The most prevalent autoimmune disorder in America is diabetes, with 29 million people with either Type I or Type II. Nearly every aspect of your health is affected by diabetes, often in ways that you may not think.
Diabetic patients experience damage to the smallest blood vessels in the body, known as capillaries. These are very fragile structures, and when they become damaged, healthy, oxygenated blood can’t reach these areas. Think about it like a broken-down country road, supplies are stuck.
Diabetes is a leading factor in tooth loss, and that risk increases significantly with uncontrolled glucose levels.
If you are diabetic, it is crucial to take special care of your oral health. In today’s blog, your Silver City, NM dentist describes how your health might be affected by diabetes.
Dehydration And Dry Mouth
When your blood glucose is elevated, the body rapidly creates new bodily fluids, in order to load with glucose to send out from the blood. The primary avenue for this is through urination. With this excessive urine output comes inevitable rapid dehydration. This means that you’re more likely to experience dry mouth.
Our saliva is a highly antibacterial fluid, which is full of enzymes to protect our mouths. If a patient’s glucose levels are not maintained properly, diabetics see a greatly increased level of infection. This is very dangerous to the health of the teeth and oral health in general.
Diabetes Can Change Your Saliva
Hyperglycemia, also known as high blood sugar, can become medical issues in a wide variety of ways. An aspect of oral health that is often overlooked is how it increases glucose in the saliva.
When glucose levels in the blood rise, the body pushes out excess sugar through any mechanism it has available to it. The primary avenue for this is through our liquid secretions. Concentrated glucose is expelled through sweat, urine, and saliva.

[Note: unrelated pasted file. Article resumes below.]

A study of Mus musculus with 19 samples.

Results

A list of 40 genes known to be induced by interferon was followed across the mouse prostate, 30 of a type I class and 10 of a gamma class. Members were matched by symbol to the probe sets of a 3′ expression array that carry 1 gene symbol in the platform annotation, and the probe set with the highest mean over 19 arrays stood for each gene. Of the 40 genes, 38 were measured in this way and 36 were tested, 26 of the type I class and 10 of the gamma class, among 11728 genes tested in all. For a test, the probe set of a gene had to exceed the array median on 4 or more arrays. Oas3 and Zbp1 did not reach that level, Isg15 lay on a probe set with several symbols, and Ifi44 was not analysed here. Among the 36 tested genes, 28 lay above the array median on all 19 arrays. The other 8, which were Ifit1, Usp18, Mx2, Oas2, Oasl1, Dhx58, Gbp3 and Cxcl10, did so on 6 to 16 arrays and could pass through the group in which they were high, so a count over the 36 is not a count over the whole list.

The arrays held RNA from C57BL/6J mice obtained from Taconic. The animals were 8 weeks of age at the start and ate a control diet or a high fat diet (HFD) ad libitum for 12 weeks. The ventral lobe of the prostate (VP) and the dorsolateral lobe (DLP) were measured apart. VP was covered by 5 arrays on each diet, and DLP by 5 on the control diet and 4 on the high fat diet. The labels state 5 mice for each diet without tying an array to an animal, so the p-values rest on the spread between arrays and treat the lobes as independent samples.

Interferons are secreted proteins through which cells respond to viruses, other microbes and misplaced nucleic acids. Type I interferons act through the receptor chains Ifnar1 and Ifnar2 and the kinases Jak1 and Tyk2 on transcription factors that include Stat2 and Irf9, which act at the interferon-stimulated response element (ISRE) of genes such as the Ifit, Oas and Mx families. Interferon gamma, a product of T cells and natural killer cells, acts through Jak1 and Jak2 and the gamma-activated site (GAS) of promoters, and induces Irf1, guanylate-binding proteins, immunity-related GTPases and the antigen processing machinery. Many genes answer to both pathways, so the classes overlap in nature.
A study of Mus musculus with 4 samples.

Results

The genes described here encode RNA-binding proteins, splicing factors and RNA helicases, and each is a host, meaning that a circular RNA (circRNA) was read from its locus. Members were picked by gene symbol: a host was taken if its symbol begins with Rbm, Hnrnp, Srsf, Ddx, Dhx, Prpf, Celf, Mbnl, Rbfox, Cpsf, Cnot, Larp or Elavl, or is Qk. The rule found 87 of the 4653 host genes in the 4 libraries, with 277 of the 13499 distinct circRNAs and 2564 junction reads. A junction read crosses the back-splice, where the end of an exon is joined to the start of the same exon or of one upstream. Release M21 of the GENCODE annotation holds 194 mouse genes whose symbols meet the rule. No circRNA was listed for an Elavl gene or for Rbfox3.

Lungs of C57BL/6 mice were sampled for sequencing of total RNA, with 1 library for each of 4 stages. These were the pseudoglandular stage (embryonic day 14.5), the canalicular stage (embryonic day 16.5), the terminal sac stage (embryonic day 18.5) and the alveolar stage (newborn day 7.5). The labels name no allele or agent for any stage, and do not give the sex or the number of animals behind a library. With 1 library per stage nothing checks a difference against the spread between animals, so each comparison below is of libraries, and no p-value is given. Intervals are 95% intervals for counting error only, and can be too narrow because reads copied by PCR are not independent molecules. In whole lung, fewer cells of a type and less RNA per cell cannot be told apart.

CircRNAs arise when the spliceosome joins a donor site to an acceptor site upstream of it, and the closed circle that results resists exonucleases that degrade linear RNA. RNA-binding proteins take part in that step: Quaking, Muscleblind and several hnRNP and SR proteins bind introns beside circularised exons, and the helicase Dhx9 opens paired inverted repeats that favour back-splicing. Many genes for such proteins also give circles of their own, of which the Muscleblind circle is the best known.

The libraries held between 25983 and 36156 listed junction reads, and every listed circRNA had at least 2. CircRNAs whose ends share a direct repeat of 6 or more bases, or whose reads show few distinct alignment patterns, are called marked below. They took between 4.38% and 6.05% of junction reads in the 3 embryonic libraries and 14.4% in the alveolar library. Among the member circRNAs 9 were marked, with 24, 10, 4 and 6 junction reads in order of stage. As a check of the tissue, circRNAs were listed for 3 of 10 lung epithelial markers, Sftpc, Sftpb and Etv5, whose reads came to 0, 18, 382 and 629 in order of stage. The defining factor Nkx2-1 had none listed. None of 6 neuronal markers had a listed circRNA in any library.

This means that the body is cultivating an environment that’s pretty close to that of someone who’d been eating a lot of candy or drinking sugary drinks. But unlike with those situations, brushing your teeth will not make the situation improve, as your body will create more saliva.
What’s The Risk?
It is important to know that 1 in 5, or 20% of tooth loss is directly connected to diabetes.
Periodontal disease, also known as gum disease, is also much more likely to develop in diabetic patients. This can lead to gum recession, which leaves the roots of the teeth uncovered. Without the gum’s protection, infection can develop within the structure of the tooth itself.
What Steps Should You Take?
For patients with diabetes, closely monitored blood sugars will make a large difference in the outcomes in oral health. You minimize the damage to the body by keeping your levels similar to those of non-diabetics.
Like with a healthy patient, a solid oral hygiene regimen is crucial to maintaining a fantastic smile. Twice daily tooth brushing should only be your start, and daily flossing and an oral rinse are very important.
Call Dr. Caytlyn Bonura at Silver Smiles in Silver City, NM!
As a true family dentist, Dr. Caytlyn Bonura offers caring, patient-centered dentistry in a welcoming, comfortable environment. From young children to teens, and adults of all ages, Silver Smiles offers a comprehensive list of family, cosmetic, and restorative dentistry services that are tailored to your specific needs. To schedule a consultation with Dr. Bonura, call Silver Smiles in Silver City, NM, today at (575) 534-3699. We also proudly welcome patients from Lordsburg, Bayard, Deming, and all surrounding communities.